Once again, Jordan Breen has the scoop:
In a move that will assuredly garner praise from the MMA world, the International Shooto Commission has announced that in the coming months all Shooto events worldwide will abandon two of its most contentious rules: strikes to the back of the head and the much-maligned knockdown count.
Because of Shooto’s ongoing rookie tournament series already having its rules defined at the year’s onset, the knockdown rule will be abolished officially on Jan. 1, 2009. However, strikes to the back of the head will be outlawed as of Sept. 1, due to a more pressing medical necessity.
According to ISC secretary general Toshiharu Suzuki, the European Shooto Commission asked the ISC in March to consider revising the two provisions, which have long been critiqued.
It’s about time this rule has changed, although in a roundabout way, it’s understandable Shooto would take this long to come around (the International Shooto Commission is under some spell where they almost view Shooto itself as a sport, not an organization per se).
So what’s the upshot of this rule change? Perhaps you’ll see a Shooto event near you. To wit:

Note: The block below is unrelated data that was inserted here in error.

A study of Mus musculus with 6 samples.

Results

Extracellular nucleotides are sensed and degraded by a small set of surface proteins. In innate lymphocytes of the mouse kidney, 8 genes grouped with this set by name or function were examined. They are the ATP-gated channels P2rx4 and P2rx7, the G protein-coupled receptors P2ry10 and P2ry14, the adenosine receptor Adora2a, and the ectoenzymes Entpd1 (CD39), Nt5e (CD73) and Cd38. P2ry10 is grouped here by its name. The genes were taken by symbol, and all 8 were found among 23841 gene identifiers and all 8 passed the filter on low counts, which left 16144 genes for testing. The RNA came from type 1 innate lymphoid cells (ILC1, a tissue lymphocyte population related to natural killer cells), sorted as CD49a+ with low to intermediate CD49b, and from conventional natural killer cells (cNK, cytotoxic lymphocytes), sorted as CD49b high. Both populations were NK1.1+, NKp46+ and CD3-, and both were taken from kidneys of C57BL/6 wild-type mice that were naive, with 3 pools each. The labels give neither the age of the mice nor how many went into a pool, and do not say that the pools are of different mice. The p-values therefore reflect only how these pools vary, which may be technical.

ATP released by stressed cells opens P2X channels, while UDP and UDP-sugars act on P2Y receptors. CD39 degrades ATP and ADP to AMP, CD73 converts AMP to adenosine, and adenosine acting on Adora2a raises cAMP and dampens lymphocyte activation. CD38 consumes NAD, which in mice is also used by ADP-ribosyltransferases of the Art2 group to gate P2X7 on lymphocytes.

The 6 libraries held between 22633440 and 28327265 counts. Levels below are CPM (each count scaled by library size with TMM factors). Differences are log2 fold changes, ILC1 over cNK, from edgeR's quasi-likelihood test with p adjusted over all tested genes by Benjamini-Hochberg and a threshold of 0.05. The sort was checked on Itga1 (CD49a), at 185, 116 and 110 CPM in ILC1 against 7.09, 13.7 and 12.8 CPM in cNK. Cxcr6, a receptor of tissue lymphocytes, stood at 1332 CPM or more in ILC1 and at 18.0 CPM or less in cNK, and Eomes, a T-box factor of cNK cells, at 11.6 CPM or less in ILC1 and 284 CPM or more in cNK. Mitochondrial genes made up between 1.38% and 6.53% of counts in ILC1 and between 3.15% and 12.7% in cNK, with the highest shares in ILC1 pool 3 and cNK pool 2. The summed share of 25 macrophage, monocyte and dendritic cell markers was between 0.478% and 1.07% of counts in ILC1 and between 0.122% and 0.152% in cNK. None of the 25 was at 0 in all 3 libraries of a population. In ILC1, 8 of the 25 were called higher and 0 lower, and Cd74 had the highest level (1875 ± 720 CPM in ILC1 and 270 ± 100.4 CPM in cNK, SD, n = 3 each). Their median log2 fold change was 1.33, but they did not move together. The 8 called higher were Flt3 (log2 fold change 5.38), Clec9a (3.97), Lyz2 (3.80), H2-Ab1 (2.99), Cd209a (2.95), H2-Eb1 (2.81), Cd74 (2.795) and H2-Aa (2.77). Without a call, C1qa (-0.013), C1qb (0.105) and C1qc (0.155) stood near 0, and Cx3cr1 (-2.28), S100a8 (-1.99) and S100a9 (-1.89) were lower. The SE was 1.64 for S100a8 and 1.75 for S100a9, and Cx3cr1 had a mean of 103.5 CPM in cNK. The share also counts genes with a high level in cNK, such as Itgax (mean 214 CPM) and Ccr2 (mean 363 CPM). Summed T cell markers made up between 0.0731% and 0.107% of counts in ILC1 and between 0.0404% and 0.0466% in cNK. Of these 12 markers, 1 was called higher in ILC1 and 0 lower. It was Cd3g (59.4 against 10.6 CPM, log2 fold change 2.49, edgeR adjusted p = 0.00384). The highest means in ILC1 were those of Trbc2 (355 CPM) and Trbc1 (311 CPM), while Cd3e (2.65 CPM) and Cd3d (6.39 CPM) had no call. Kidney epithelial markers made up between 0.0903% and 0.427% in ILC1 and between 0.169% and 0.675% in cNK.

However, the rule alterations have repercussions outside of Japan. Although Shooto has internationalized with events under the Shooto banner all over the globe, the ability for Shooto events to be held in North America has been limited by the existing restrictions of the unified rules, which make no concessions for knockdowns and explicitly prohibit strikes to the back of the head. With these reformed rules, Shooto will now have a chance to grow in North America.
While the echo chamber of the Shooto world makes change painfully slow, this most recent change is absolutely critical. Many MMA purists enjoy rule sets that vary depending on the organization’s geographic location, but they should also pause before enjoying a different set of rules they clearly do not follow the advice of medical professionals in the wake of research and experience. Shots to the back of the head and the knockdown rule are vestiges of a sport that’s long since evolved and don’t embrace basic medical necessities. While I appreciate the differences in MMA among the nations that host the sport, there are a few rules that must be prevalent anywhere and everywhere for the safety of the fighters and continued growth of the sport.